Illustration courtesy Julius Csotonyi
Published November 9, 2012
"In terms of large-bodied ones that look like Triceratops, this is definitely the oldest," said biologist Michael Ryan, lead author of the new study describing the dinosaur, published online Thursday by the Canadian Journal of Earth Sciences.
The newfound plant-eater has been named Xenoceratops foremostensis—Latin for "alien horned-face from Foremost," the small Canada town where some Xenoceratops fossils were found in 1958.
Like its more famous cousin Triceratops—which lived 15 million years later, during the dinosaurs' last days—Xenoceratops had long spearlike horns thrusting from its brow and a shieldlike frill extending back from its skull. But unlike Triceratops, Xenoceratops also had horns on its frill.
(Read about another Triceratops ancestor found in Canada.)
Like No Other Dinosaur
The new dinosaur is known from fragments of fossilized skull and horn found in Alberta, Canada. Ryan and his team recently found 78-million-year-old bones during a dig, and that led them to search the collection of the Canadian Museum of Nature in Ottawa for other fossils from the same time period.
There, the team found the 1958 fossils, which had long since been filed away. The museum fossils dated to the same period as Ryan's team's bones, and appeared to belong to the same unidentified species of dinosaur.
"In the museum we found ... two large pieces of the frill, including one spike. As soon as I saw them, I recognized it as being different from every other horned dinosaur," said Ryan, who heads the vertebrate paleontology division of the Cleveland Museum of Natural History in Ohio.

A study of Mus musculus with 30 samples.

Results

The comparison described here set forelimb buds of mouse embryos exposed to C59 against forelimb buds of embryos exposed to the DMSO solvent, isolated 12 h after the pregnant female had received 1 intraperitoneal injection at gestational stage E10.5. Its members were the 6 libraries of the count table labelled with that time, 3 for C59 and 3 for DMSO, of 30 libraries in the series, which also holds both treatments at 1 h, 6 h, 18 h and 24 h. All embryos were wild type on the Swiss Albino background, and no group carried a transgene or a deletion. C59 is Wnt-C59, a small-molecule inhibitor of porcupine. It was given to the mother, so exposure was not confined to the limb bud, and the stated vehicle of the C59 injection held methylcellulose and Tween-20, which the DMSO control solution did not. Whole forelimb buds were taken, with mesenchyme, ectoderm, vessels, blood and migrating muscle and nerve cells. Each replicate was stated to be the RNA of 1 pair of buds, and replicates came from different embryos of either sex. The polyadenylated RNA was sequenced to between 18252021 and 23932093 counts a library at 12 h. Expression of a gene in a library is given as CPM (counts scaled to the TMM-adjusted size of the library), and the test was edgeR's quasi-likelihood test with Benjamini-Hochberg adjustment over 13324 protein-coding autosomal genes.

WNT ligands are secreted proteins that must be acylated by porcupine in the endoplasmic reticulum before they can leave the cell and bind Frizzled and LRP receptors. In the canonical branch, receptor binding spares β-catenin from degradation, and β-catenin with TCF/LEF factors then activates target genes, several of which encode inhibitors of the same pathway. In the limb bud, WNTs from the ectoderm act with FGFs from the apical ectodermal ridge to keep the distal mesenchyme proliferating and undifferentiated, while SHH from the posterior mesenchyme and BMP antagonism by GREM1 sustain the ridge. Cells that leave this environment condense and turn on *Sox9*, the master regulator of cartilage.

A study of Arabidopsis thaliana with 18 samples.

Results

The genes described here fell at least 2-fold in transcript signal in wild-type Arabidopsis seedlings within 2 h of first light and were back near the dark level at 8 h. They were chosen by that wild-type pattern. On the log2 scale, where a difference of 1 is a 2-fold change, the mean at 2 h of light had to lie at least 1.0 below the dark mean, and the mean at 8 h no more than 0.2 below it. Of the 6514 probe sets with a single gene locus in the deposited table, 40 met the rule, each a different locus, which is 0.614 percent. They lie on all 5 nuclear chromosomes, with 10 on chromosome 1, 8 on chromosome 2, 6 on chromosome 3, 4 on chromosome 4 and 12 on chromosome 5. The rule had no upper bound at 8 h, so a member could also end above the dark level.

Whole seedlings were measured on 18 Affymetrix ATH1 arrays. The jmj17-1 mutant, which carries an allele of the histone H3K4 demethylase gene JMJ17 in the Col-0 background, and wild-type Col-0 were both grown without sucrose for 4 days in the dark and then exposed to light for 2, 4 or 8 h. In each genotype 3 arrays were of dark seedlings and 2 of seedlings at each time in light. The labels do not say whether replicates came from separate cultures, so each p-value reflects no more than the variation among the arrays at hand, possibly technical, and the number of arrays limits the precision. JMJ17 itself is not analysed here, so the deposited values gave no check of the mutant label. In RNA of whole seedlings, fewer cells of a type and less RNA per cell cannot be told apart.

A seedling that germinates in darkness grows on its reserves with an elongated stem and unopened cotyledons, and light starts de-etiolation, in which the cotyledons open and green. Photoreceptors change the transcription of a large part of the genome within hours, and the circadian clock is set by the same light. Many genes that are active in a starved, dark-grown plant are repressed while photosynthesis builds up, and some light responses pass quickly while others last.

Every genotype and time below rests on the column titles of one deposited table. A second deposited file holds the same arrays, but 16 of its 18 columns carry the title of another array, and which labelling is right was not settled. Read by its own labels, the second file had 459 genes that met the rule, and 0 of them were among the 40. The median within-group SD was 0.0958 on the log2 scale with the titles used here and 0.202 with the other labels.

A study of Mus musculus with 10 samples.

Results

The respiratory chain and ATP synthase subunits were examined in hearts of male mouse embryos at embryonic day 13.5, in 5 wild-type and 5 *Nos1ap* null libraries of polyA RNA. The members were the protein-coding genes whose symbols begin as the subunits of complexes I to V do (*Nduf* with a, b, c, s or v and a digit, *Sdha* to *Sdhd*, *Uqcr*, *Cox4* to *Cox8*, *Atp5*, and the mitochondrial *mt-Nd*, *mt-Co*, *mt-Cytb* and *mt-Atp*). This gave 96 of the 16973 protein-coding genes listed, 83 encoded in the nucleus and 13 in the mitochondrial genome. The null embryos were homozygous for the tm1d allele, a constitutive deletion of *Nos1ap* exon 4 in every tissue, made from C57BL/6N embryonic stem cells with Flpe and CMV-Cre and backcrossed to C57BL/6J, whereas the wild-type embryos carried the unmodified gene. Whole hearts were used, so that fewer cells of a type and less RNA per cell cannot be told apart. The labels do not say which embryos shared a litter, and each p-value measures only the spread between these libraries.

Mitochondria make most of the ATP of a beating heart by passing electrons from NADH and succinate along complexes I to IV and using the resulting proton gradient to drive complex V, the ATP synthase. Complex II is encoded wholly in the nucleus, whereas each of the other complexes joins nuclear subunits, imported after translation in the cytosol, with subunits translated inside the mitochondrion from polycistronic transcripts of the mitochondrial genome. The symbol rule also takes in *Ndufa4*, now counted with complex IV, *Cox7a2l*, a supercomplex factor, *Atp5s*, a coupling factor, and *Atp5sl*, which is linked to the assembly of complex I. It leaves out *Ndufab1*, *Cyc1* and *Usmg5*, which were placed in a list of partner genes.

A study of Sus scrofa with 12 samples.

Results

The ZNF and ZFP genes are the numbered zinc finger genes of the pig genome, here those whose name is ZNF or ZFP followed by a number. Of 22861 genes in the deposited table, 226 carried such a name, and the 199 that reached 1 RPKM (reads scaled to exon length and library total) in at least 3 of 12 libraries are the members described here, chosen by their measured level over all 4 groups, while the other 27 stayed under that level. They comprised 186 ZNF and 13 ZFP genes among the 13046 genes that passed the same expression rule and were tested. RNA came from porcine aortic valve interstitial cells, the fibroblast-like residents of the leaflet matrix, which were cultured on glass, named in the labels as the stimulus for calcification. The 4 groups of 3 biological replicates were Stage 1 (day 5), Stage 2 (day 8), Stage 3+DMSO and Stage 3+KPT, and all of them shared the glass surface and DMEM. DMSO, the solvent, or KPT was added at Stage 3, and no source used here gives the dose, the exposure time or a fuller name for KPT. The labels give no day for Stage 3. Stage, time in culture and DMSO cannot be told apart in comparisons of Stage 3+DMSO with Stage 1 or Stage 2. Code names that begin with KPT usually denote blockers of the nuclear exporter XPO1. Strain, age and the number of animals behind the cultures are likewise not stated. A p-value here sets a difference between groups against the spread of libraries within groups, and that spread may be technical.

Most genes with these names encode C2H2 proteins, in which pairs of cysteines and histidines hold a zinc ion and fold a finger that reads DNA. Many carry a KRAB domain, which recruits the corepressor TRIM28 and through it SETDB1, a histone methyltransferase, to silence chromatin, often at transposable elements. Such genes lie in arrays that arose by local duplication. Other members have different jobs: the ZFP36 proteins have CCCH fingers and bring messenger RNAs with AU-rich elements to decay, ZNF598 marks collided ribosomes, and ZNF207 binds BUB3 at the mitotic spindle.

Measuring approximately 20 feet (6 meters) long and more than 2 tons, Xenoceratops was average-size for a horned dinosaur—African elephant-size Triceratops was half again as large. But the new dino would have been among the largest ceratopsids alive 80 million years ago.
Living alongside Xenoceratops would have been predators related to Tyrannosaurus rex as well as duck-billed dinosaurs and ankylosaurs—dinosaurs resembling giant armadillos with big club tails.
In the late Cretaceous period, they all would have known a very different Alberta from the current, cool Canadian province, Ryan said. In the then subtropical region, "there were probably wet and dry periods, but there would never have been snow or frost."
Today, the area around Foremost is prairie country, he said, and inhabited by the modern analog of horned dinosaurs: cattle.
Xenoceratops' flamboyant frill reveals that horned dinosaurs evolved intricate cranial ornaments very early in their lineage—adornments that got only more elaborate with time, scientists say.
"Historically, what we know [about horned dinosaurs] comes from about 65 to 75 million years of age," Ryan explained. "What we've done is push back the evolutionary origins by several million years."
(Related: "Two New Horned Dinosaurs Found in Utah.")
Moreover, it appears that Xenoceratops and Triceratops' different scientific subfamilies—Centrosaurinae and Chasmosaurinae, respectively—didn't look all that different from one another early in their evolution.
"We're starting to see that, even though the endpoints of the two groups look very different from each other"—for example, the descendants of Xenoceratops lacked long, Triceratops-like brow horns—"the ancestral forms of the two groups were very similar," Ryan said.
By winning protection for their boreal forest, indigenous Canadians help slow global warming.
Our correspondent reports from a Norwegian research ship that's drifting inside the Arctic ice cap, gathering data needed to predict its future.
In the insular world of dogsled racing, the Yukon Quest is considered the world's most difficult event.
The Future of Food
How do we feed nine billion people by 2050, and how do we do so sustainably?
We've made our magazine's best stories about the future of food available in a free iPad app.